Nicholas’ Scoliosis Story
I was born with Scheuermann’s disease which is a form of scoliosis that affects the curvature of my back laterally. No one knew I had it, not my friends, family, nor the doctors. However, I knew my body and I knew something was wrong when I would slouch my back due to the pain standing upright caused.
In the seventh grade I started football. When I would wear the protective pads, after a while my back would begin to hurt from the pressure. It suddenly became “normal “for me when my back would hurt even more just while sitting down or walking for extended periods of time. Two years of discomfort later, I made my high school football team. However, that wasn’t without my pain continuing to increase. Eventually, due to the pain in my back, I couldn’t bend over to stretch let alone play in the games. I would ice my back for hours upon hours a day hoping I would feel better and, therefore, perform better, but still the pain never fully subsided.
The aching in my back had become persistent all day long, every day. The pain became physically apparent when I learned to semi-cope with the pain by arching my back. This led to people bullying me, calling me a “hunch back” for my first half of high school. Then I hit my breaking point – physically and mentally. After several doctors were unable to diagnose me with what was causing this ready and not imaged pain, I visited Dr. Federico P. Girardi. He told me that my rapid growth spurt was what was causing my back pain and developed the arch in my back.
Three appointments, seven hours, two rods and twenty-five screws in my spine later and on April 9, 2017 I was finally on the road to recovery. I opened my eyes to the agony of my own pain. Falling asleep for another hour, I woke up again but this time from the urge to vomit due to the morphine pump I was attached to. Two hours after that, I woke up again and it was time for progress to flourish. Step One: Learning how to walk again.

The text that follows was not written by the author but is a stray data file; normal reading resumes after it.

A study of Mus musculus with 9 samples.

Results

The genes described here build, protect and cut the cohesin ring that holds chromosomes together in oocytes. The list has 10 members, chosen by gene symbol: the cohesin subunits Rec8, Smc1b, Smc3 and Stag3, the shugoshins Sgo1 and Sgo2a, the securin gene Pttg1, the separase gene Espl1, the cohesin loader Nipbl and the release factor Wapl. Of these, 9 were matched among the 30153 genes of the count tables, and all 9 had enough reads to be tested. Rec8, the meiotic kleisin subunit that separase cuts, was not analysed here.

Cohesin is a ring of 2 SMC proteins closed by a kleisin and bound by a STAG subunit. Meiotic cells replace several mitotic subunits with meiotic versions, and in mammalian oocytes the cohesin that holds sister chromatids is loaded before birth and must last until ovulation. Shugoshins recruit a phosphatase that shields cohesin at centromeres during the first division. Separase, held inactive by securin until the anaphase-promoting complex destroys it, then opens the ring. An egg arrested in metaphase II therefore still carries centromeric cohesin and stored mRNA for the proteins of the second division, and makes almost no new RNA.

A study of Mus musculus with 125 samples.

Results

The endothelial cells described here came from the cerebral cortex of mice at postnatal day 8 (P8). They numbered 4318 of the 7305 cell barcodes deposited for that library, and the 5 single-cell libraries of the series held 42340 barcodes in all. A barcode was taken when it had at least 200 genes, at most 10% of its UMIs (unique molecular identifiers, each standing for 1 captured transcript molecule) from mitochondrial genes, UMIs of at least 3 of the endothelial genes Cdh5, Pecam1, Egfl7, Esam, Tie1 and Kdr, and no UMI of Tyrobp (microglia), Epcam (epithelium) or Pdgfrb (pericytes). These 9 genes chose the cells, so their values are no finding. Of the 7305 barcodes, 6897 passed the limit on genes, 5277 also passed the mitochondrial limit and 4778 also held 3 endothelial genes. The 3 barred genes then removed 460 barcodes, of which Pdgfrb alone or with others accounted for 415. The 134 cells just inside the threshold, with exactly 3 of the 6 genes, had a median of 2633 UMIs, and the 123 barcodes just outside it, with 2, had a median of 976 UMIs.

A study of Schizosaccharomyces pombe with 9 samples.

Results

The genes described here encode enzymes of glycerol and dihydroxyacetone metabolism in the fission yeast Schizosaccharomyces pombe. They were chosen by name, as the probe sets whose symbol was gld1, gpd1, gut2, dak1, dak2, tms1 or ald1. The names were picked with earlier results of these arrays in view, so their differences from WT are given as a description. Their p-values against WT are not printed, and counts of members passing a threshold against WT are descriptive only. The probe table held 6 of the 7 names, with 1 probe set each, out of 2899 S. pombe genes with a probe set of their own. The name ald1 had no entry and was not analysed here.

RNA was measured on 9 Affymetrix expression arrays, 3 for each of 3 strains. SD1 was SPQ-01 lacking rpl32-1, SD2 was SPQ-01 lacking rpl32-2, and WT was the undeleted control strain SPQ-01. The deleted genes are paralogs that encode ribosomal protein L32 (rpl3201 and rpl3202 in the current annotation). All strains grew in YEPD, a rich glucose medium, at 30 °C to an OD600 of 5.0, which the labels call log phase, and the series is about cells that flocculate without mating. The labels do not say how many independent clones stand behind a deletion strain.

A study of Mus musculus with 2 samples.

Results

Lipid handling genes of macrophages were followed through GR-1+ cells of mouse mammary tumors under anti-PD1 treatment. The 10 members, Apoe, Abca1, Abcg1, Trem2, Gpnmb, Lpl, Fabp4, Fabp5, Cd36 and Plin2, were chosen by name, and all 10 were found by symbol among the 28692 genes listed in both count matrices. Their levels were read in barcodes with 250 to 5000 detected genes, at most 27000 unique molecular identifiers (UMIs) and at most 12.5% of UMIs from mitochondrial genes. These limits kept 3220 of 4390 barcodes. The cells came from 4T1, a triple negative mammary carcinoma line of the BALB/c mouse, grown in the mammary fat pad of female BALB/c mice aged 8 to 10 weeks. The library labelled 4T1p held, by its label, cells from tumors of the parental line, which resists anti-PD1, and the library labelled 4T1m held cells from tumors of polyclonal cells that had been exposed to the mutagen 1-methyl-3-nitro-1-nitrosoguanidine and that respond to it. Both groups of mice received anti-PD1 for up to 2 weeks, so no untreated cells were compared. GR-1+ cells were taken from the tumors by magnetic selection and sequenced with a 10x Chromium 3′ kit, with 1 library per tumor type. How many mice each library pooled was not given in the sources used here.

The next day my own determinability drove me to walk again. With the aid of a walker, accompanied by an insane amount of pain, my feet shuffled against the cold hospital floor. The following day I walked the entire floor without the walker and the feeling of confidence was an understatement for tomorrow’s challenges. Tomorrow came and I couldn’t move. I exceeded my limitations and paid the consequences for it. I was forced to continue to take the painkillers prescribed to me in order for me to continue to move around. It was vital for me not to stunt my own progress in regard to healing.
It was now time to rip the bandages off – literally. As the hospital staff began to take my bandages off and remove the five-inch-long drain out of my back, an overwhelming sense of emotion began to take over me as I clenched with the palm of my hands onto the railings of my hospital bed. After four years, I could now envision a future without pain. The aspects of life I had taken for granted, then and still to this day, instead feel like precious gifts. I realized as my experience was coming to a hopeful end, that the ability to walk in the hallways of school, run on the football field, and stand up straight and be hugged are not abilities that everyone possesses. I once lost those abilities and with the talent of medicine and my own perseverance, gained them back.